A few weeks after we moved into our house, the president of the neighborhood association sent out an e-mail looking for someone who would adopt a kitten who had been snatched up moments before he stepped off the sidewalk into oncoming traffic. This is the photo that was attached to the e-mail:
I made the mistake of showing the photo to the kids, who begged me in their pitiful, mooey-eyed way to adopt the cat. We had recently lost a cat to a coyote, and then lost yet another cat, who freaked out when we moved, darted away, and was never seen again.
So we brought home Luigi. We set him up with food, cat toys, and a litter box in the mud room. He knew what to do with the food and toys but he refused to use the litter box. REFUSED. He would sashay right by it, fix me with a defiant glare, and defecate on the floor.
And In the fireplace. The kids’ beds. The laundry hamper.
I was continually finding fossilized cat turds and the house stank of cat poop. I threatened to give Luigi to a shelter, but the kids adored him, despite his deep-rooted psychological problems. So I compromised by decreeing him an outdoor cat.
Meanwhile, we adopted Clementine, a well-behaved, ladylike calico who always did her business in the litter box.
Clementine got pregnant (I was a little late getting her to the vet to be spayed) and we kept one of her kittens, Fred. Fred also used the litter box.
We kept food and water on our deck for Luigi, but he was tenacious about finagling a way inside the house. He crawled up the screens, ripped them to shreds, then pulled them off, jumping through a window. He figured out how to use his paw to open the doorknob to the french door leading onto the deck, so we had to put a bolt on the door.
And once inside, he would immediately take a crap.
I threatened to let him loose in a park, then drive away. When I found crap in my suitcase, I threatened to let him play with coyotes. The kids howled, and told me how much they loved him.
So I resigned myself to praying he would meet an untimely death crossing the road, or crossing the wrong cat. But no such luck. Luigi, like cockroaches, seemed built to survive the Apocalypse.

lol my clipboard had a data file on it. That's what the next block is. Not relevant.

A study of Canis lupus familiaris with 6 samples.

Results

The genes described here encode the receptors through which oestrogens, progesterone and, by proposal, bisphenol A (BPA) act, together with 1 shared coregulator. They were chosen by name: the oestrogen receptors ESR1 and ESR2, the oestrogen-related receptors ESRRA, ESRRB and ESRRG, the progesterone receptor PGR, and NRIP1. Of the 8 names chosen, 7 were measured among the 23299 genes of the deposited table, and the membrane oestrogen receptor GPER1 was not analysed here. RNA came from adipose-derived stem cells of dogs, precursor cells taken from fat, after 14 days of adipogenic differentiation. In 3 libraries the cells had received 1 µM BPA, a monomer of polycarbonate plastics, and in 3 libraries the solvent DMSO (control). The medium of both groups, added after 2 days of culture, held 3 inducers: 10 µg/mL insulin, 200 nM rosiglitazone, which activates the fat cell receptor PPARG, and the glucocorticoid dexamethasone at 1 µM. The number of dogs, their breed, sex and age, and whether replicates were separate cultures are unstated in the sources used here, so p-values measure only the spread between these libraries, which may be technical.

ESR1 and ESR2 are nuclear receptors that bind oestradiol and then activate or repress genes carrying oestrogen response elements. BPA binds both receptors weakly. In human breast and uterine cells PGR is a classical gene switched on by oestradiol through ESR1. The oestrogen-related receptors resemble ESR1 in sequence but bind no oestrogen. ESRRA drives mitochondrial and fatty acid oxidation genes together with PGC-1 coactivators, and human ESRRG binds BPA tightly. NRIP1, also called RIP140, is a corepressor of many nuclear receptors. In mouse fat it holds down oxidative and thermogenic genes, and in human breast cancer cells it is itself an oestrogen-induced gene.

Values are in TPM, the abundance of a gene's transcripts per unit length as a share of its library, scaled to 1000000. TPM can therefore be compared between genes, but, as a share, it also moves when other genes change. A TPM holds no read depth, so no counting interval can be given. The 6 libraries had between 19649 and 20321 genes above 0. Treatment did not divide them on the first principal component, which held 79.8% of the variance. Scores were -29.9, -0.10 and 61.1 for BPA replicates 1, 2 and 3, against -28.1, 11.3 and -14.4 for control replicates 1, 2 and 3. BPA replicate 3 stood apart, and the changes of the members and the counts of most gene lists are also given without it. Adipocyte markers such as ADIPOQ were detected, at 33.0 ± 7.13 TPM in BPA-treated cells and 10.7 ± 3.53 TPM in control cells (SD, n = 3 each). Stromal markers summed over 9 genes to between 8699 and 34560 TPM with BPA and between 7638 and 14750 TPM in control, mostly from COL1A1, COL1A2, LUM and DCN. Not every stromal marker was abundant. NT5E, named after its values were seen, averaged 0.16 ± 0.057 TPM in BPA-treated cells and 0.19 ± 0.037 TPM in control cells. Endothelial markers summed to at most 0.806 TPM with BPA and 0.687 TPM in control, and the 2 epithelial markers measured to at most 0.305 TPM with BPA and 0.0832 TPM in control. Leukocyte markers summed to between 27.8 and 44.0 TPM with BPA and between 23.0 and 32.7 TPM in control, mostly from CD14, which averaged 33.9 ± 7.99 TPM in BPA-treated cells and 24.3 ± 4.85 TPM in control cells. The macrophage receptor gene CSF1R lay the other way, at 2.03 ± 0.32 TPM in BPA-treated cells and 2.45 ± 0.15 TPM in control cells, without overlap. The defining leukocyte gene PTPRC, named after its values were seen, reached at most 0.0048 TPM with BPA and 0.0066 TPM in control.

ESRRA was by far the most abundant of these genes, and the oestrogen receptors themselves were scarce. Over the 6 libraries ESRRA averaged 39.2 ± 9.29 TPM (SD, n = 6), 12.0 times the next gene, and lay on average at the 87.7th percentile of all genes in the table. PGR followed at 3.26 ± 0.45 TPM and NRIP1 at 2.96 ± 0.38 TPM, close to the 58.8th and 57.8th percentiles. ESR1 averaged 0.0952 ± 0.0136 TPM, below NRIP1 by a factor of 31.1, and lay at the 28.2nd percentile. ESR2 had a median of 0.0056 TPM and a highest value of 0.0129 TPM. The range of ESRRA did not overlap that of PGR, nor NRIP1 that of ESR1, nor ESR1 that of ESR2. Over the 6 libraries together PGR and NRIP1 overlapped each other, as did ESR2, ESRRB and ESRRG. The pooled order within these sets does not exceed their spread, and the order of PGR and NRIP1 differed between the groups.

* * *
Recently, we decided we needed to rent out our house. Between the custody battle legal fees, lack of child support, and Atticus’s business reversal, we could no longer swing the monthly overhead on our home and felt it was unlikely that we could recoup our money if we sold it.
So we found renters for our home, then rented a much-smaller townhouse ten minutes away from our old place. We moved in two weeks ago.
Franny’s job during the move was to shepherd the cats. Since the rental had carpeting, I told her that Luigi must be put outside immediately.
I was directing moving men when I heard Franny on our patio, calling for Luigi. After several minutes, she stepped back inside, fighting back tears.
“I keep calling him and telling him there’s food, but he doesn’t come back. He’s gone.”
I fought back a Grinchy-like smile. Finally! Luigi was out of our lives.
“Mom! You’re happy he’s gone!”
“He’ll be fine,” I said callously. “That cat is indestructible.”
* * *
A week later, as I was making dinner, I heard muffled meows. Persistent muffled meows. A feeling of dread rose up from my stomach as I glanced out the window and saw Luigi howling in the hedge.
“Luigi’s back!” I half-sobbed.
Franny and Luca screamed and ran outside, re-emerging with a triumphant Luigi.
“He found his way back, after a whole week!” Franny said.
“That is one smart cat,” Luca said.
Franny, Luca, and Luigi all stared at me. I sighed, defeated.
“He can come in to eat. But you can’t take your eyes off him. And when he’s done, he goes right back outside.”
* * *
Luigi has been back for a week, and so far, he hasn’t defiled the townhouse. The grudge I’d held against him for years has slipped away, replaced by a new-found respect for his tenacity and determination. Despite years of seeing our other two cats get preferential treatment, and being relegated to a life on the margins, Luigi never slid into the abyss of learned helplessness. The sheer force of his will, and his refusal to be beaten down, are inspiring.
Now, when I look at Luigi, I no longer see a crapper. I see triumph of the feline spirit.
Today, I’m thankful for the cat who came back.